Bingham Farm and Fort
The Bingham's Fort area was one of the earliest settlements in Weber County beginning in 1849. The fort was named for Erastus Bingham who was a settler and leader in the state and was active in ecclesiastical and community affairs of the region.
In 1851, Bingham established a farm that extended from 2nd to 7th Street. The fort was constructed in 1853 and included the northeast corner of the farm. The size of the fort was "60 rods by 120 rods"(an area of forty acres) that straddled what later became West 2nd Street, with most of the fort Iying to the north.
The Spanish type fort walls were 12 feet high and made with tamped earth and stone. Construction forms to contain the tamped earth and rock were made by weaving willows between log posts. The first and second irrigation ditches ran adjacent to the south and north fort walls to provide water for tamped dirt. Fort gates were located on the east and west end. The crosswalk to the north of this marker designates where the west fort wall would have crossed West 2nd Street.
Early pioneers and immigrants to the valley relied on Bingham's Fort and Bingham's Farm for protection, sustenance, community, and other needs. Cabins, stores, saw mill, schoolhouse, and Sam Gates Molasses Mill were located within the fort. In 1854 fort military commander and engineer Isaac Newton Goodale recorded 562 residents living in the fort, plus a number of friendly Shoshone Indians, led by Chief Little Soldier, who stayed there during the winter because of the scarcity of food.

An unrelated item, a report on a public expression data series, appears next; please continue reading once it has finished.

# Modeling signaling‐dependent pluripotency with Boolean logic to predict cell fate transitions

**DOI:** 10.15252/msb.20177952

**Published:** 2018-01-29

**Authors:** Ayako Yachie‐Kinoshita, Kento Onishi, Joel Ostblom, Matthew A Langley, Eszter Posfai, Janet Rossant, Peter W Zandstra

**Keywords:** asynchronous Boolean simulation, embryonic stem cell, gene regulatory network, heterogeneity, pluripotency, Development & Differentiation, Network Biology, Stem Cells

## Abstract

By 1856 as the need for protection subsided, the residents left the fort and established surrounding homes and farms. By 1863 the Bingham Fort area expanded and took on the name of Lynne, from the naming of the new post office by assistant Ogden postmaster, Walter Thompson, who thought the area was similar to Lynne, Scotland. By 1872 the Bingham ditches were expanded into the Lynne Irrigation Company, and this irrigation system is still in use today. Ogden City annexed Lynne in 1890.
At the turn of the 20th century the adjacent Stone Farm incorporated the land of the Bingham Farrn. The resulting 200-acre farm flourished during the era known as the "golden age" of the family farm when agriculture was a mainstay of Weber County economics. Though smaller today, the old Bingham/Stone Farm has remained in continuous agriculture production since 1851. It represents both the agriculture traditions of the 19th century and the scientific farming practices developed in the early 20th century. The homes, outbuildings, and farmland at this location combine to convey a well-preserved view of this important but increasingly rare type of cultural resource.